Long Live the Weird and Wonderful Theo Bikel, Role Model, Mentor and Renaissance Mench!

What's weird about Theo Bikel?

Being so exceptional in a world flooded with the commonplace.

Bikel is truly a Renaissance mench -- intelligent, candid, honest and engaging, and that's just for starters. A creative whirlwind, Theo sings, dances, writes, performs, lectures, etc. His autobiography is written with such clarity, candor and wit, that it's impossible to put down. Theo's as involved in life and art today in his hard-to-believe 91st year as he was as a boy of 19. And still optimistic! He's a newlywed, having married journalist Aimee Ginsburg in December of 2013. Mazel Tov! Mazel Tov!

And he's hardly resting on past laurels when new ones keep on arriving. So far in 2015 he's received a Tony Artistic Achievement Award and The Inaugural Lifetime Artistic Achievement Award at the Phoenix Jewish Film Festival.

On Sunday night, June 21st Bikel will be hosting the premiere of a new documentary, Theodore Bikel: In the Shoes of Sholem Aleichem - an enchanting dual portrait of two beloved Jewish icons, Bikel and Aleichem, who had much in common, like wit, wisdom, talent and a deep respect for Jewish Culture. After the screening, Bikel and the delicious film's writer-director, John Lollos, will host a Q&A that I'm sure will not end without Bikel singing a song or two. His Yiddish song CD's (all 20 of them) were best sellers. Bikel combines Sir Laurence Olivier's intellect with Hugh Jackman's endless joy. It doesn't get any better than that. Take advantage of the opportunity to see him in person. At 91, Bikel admits to feeling 70, but his fingers strum guitar stings like they're not yet eligible for Social Security. There gotta be a way to clone his DNA!

Theo was born under a lucky star in pre-WWII Vienna and thanks to his father's Zionism, the family miraculously secured precious visas to Palestine a few days after Hitler annexed Austria. Only permitted to take with them whatever they could put in one suitcase, they were unhappily forced to leave behind their 36-volume set of Sholem Aleichem's writings, but God helped, and Bikel's grandmother brought the books with her when she miraculously followed them later.

Bikel enjoys Sholem Aleichem so much and so intimately. He's particularly appreciative of the names Aleichem gives his imaginary Russian shtetls: Kasrilevke, Boiberik, Yehupetz. Even the sounds of the town names make you smile. In the film, Bikel tells a story about a poor man who is permitted to speak to Rothschild, the world's richest Jew, because he promises to give the millionaire the secret of eternal life.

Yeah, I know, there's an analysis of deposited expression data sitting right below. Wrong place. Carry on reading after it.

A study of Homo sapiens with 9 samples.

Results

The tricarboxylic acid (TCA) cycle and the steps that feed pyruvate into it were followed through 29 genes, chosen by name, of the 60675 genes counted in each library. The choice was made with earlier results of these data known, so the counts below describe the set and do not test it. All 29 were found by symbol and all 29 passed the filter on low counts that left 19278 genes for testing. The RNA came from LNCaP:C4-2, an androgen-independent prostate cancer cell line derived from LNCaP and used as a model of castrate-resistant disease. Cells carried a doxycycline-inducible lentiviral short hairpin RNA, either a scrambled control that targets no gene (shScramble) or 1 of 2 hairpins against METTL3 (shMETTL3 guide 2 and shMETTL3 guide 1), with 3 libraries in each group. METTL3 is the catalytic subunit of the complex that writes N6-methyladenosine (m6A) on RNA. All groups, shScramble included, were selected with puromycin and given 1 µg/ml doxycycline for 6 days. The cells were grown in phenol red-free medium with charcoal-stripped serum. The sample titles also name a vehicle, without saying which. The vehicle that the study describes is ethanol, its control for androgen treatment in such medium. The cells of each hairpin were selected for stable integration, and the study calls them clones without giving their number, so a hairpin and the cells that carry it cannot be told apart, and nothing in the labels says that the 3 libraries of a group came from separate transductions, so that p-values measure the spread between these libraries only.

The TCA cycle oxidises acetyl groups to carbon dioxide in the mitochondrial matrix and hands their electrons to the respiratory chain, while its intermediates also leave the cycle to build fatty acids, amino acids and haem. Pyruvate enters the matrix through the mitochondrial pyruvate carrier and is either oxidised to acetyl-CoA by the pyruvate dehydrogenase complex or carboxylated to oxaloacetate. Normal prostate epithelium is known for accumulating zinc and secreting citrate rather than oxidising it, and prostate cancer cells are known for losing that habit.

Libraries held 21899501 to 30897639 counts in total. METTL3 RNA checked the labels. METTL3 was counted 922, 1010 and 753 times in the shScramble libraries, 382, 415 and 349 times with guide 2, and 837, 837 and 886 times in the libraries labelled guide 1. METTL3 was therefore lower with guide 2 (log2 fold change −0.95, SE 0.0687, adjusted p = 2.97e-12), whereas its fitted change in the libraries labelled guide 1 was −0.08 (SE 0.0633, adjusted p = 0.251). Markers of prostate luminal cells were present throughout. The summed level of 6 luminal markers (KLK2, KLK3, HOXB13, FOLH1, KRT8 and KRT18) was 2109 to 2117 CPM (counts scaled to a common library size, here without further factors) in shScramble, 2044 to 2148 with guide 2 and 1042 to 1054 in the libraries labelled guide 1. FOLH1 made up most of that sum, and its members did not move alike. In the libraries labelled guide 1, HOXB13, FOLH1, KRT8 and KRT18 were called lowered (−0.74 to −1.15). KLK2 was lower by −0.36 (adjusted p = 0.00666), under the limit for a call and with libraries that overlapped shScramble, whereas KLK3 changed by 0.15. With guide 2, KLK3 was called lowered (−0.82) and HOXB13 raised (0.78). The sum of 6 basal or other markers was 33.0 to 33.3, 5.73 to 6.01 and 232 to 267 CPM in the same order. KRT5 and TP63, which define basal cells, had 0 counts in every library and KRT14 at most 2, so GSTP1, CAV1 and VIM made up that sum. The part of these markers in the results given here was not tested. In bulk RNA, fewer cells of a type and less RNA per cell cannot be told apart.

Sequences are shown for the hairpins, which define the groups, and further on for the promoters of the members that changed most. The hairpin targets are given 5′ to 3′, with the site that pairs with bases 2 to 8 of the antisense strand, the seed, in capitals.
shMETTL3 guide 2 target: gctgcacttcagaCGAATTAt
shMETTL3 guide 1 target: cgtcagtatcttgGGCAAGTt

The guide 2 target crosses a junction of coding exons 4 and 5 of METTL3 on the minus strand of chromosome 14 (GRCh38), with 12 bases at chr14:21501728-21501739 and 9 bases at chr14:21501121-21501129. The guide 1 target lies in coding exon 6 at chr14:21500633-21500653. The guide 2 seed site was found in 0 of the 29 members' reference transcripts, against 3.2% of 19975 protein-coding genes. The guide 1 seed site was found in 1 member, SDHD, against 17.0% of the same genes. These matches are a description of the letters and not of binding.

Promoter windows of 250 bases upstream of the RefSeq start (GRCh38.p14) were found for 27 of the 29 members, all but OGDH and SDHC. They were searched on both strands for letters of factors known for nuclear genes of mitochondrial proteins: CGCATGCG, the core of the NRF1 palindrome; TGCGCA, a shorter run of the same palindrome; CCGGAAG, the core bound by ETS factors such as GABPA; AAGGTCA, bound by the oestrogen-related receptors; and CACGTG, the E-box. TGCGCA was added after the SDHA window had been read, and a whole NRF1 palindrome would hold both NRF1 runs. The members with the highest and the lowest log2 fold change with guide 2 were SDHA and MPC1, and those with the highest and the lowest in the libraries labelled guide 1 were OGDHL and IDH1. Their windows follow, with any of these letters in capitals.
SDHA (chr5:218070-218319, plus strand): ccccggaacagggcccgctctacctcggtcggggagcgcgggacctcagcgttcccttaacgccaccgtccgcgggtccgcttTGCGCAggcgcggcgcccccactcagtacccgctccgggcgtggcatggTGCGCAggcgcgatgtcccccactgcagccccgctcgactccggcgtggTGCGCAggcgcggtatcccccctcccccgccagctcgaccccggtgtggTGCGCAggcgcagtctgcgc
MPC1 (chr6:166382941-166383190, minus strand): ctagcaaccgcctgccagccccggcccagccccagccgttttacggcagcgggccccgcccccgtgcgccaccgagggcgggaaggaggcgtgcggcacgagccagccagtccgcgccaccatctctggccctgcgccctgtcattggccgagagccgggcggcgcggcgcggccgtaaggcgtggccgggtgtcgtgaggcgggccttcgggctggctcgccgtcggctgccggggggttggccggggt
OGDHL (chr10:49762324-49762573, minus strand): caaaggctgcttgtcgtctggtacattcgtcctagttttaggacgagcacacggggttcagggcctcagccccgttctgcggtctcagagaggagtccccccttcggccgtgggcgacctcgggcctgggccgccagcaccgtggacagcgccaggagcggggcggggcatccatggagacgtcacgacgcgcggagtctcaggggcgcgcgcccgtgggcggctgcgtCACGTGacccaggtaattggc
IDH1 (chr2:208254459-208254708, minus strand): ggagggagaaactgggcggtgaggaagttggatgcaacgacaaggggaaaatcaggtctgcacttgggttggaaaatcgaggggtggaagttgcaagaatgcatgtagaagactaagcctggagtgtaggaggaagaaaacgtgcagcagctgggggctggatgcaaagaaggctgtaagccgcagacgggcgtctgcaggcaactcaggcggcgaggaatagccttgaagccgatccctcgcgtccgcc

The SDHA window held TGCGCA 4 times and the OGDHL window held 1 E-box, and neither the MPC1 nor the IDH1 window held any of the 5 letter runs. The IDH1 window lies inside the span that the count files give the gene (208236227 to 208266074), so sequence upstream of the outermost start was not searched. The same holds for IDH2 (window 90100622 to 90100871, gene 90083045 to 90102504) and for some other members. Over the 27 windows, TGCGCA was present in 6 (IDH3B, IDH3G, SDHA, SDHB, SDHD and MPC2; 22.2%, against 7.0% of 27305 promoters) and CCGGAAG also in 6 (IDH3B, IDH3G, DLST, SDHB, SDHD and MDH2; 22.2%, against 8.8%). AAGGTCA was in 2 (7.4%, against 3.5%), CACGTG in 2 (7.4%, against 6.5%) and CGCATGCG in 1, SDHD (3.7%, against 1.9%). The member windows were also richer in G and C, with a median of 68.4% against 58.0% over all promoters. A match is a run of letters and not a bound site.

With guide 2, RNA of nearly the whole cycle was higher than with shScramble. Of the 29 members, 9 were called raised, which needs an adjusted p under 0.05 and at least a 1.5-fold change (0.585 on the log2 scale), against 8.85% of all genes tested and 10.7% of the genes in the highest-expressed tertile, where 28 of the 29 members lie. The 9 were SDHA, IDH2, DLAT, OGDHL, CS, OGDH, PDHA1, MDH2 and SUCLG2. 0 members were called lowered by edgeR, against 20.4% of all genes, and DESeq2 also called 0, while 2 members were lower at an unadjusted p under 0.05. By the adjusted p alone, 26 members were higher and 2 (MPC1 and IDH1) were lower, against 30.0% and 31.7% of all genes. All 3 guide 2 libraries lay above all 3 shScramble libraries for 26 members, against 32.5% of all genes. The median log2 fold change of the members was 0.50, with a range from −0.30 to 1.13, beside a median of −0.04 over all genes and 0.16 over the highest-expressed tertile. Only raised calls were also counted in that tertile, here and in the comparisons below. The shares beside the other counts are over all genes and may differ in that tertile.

Which is?

To move immediately to Yehupetz, because no rich man has ever died there.

In Israel, Theo lived and worked on a kibbutz for several years where he displayed a greater affinity for culture than for agriculture. He sang while others sewed and reaped. Then fate led the 19-year-old to a Tel Aviv theatre where he played, what else but the village clerk in Tevye the Milkman. Since them, he's played the lead of Tevya in Fiddler on the Roof, 2000 plus times.

In London to study acting, his portrayal of a madly eccentric Russian Ballet-master got him an audition with Sir Laurence Olivier. From a bit part, Theo soon snared the schizophrenic acting plum of the year -- understudying both the brutish Stanley Kowalski and the vulnerable suitor, Mitch, in A Streetcar Named Desire. Talk about winning the Naches Olympics - The Gold Medal for Parental Pride! On the night Theo's parents saw the show, the actor playing Kowalski had sprained his ankle, and their son, the actor, was the leading man opposite Vivien Leigh.

But Bikel the actor was always connected to Bikel the Jew. When he was invited to perform for the Queen at Buckingham Palace, Theo included Yiddish and Modern Hebrew songs in his program. It was probably the first time Yiddish was ever sung at the Palace.

By 1959 he was starring on Broadway as Captain von Trapp to Mary Martin's Maria, but he was uncomfortable with the way the writers glossed over the adversities his contemporaries had endured. "It's essential to always remember who you are and where you came from. That's where you get your sense of self. " And Theo not only remembers, but celebrates his history. He also cares deeply about the welfare of others, raises funds for charities and has provided potent humanitarian leadership for many organizations.

God bless Theodore Bikel, May he live, perform and inspire until the age of 120. I know, I know, I sound like my grandmother, but there are worse people to sound like.

On Sunday Night June 21 at 6 pm come to the closing event of KulturfestNYC 2015- The First International Festival of Jewish Performing Arts at the Museum of Jewish Heritage. See the film about Bikel and Aleichem and enjoy the man himself for only $10, but for a meer $36 you can join in the post screening toast.